TOPEKA, Kan. (KSNW) – Sedgwick County Commissioner Jim Howell is pushing for change. He went to Topeka Thursday to voice his concerns to state lawmakers after a Wichita teen died while in custody.

Commissioner Howell was one of several leaders to take the podium at the House Corrections and Juvenile Justice Committee meeting. He shared three main points, including banning the use of wrap restraint devices. This device was used by the Wichita Police Department (WPD) on Cedric Lofton before his death.

“We didn’t start using the device until prior to the summer of 2020. WPD used that device at least 83 times in 15 months; 10 of those times were on children ages 13 to 17. So, the idea, I guess my opinion is it’s overused,” Howell said.

Seventeen-year-old Cedric Lofton is one of those 10. Wichita police officers placed him in the wrap device before taking him to the Juvenile Intake and Assessment Center (JIAC). He died two days later in a hospital.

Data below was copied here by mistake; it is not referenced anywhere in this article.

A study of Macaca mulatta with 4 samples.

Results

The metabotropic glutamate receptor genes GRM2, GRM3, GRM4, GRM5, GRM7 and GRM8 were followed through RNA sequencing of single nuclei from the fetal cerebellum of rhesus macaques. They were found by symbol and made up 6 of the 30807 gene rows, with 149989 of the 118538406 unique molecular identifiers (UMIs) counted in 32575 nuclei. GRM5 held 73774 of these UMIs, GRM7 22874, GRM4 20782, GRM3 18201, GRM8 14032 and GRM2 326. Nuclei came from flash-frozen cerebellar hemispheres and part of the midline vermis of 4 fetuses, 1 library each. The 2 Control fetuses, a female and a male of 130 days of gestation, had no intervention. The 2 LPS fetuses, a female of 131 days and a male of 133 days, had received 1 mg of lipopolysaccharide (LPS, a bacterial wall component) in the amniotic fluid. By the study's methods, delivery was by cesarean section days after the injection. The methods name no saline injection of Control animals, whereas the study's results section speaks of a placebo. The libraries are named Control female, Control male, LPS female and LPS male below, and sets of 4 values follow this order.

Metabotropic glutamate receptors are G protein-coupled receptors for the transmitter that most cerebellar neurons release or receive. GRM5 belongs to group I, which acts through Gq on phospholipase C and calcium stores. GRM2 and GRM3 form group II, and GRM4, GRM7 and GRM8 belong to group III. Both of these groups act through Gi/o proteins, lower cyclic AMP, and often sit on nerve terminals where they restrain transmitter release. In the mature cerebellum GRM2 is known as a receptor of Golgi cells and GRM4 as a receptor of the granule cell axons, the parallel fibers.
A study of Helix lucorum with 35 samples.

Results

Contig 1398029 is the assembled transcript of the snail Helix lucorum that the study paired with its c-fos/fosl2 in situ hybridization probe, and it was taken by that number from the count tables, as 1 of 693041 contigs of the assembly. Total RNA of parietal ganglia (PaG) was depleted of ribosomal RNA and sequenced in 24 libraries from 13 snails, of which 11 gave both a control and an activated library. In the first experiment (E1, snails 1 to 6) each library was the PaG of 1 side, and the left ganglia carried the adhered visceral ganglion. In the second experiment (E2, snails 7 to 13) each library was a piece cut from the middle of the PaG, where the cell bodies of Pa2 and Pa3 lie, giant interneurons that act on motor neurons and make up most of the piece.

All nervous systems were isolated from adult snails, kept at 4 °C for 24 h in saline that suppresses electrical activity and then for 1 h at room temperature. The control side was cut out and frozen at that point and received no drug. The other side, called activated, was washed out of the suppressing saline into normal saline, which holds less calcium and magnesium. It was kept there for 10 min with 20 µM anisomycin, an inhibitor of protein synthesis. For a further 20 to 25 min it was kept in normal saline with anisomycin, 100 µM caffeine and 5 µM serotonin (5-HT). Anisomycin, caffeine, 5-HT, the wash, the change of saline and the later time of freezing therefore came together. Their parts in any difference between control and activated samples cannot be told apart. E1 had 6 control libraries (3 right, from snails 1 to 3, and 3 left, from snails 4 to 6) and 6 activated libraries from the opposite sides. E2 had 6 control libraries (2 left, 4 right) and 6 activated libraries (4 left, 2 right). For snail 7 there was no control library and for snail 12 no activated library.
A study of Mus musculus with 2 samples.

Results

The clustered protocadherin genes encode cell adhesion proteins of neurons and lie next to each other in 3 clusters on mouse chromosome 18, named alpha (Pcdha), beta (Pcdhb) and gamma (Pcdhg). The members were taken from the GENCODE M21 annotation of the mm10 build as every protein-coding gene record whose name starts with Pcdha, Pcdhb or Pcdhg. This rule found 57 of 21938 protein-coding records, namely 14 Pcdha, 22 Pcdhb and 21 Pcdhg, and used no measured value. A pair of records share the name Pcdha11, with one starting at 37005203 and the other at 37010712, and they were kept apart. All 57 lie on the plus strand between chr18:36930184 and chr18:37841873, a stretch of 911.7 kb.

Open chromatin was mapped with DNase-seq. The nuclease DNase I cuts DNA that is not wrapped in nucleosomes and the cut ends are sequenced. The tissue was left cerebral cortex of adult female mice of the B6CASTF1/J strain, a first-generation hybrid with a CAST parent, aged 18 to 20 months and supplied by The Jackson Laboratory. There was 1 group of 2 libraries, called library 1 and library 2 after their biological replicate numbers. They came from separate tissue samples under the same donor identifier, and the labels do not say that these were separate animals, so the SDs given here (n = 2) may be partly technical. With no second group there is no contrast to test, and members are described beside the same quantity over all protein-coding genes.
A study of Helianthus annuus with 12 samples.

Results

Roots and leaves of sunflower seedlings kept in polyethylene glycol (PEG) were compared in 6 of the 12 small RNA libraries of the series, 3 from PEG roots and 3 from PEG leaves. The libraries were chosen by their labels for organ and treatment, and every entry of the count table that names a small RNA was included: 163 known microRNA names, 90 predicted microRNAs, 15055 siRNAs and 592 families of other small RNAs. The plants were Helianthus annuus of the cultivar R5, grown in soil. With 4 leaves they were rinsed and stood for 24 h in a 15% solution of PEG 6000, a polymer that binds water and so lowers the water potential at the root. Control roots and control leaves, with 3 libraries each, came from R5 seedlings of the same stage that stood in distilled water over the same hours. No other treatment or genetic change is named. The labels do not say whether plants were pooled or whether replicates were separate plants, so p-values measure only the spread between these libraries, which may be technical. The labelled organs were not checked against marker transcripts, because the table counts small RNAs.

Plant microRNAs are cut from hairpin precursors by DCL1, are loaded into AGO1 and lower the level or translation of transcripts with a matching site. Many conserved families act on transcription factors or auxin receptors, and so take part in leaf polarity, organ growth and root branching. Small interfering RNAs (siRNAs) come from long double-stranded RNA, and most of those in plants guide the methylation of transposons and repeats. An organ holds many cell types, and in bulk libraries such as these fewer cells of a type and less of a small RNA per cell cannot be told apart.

“It adds to the anxiety and makes the crisis worse. It may be good for police officers. It’s bad for the person being in crisis,” he explained.

Howell asked Kansas lawmakers to make changes to HB 2200. Including banning the use of wrap devices, and the extended use of the prone position. He also wants to make sure mental health assessments are done for those in crisis.

“You can’t put those things on the back burner and prioritize other things first,” Howell said.

Howell is passionate about seeing these changes happen statewide.

“I think we have 105 counties in our state. This is a bigger issue than Sedgwick County, and so by doing this through Kansas law, it makes sure we have statewide uniform policy across the entire state. I don’t know what other counties are gonna do,” Howell said.

The Committee Chairman Representative Owens told Howell they intend to have a hearing specifically to address the Cedric Lofton case.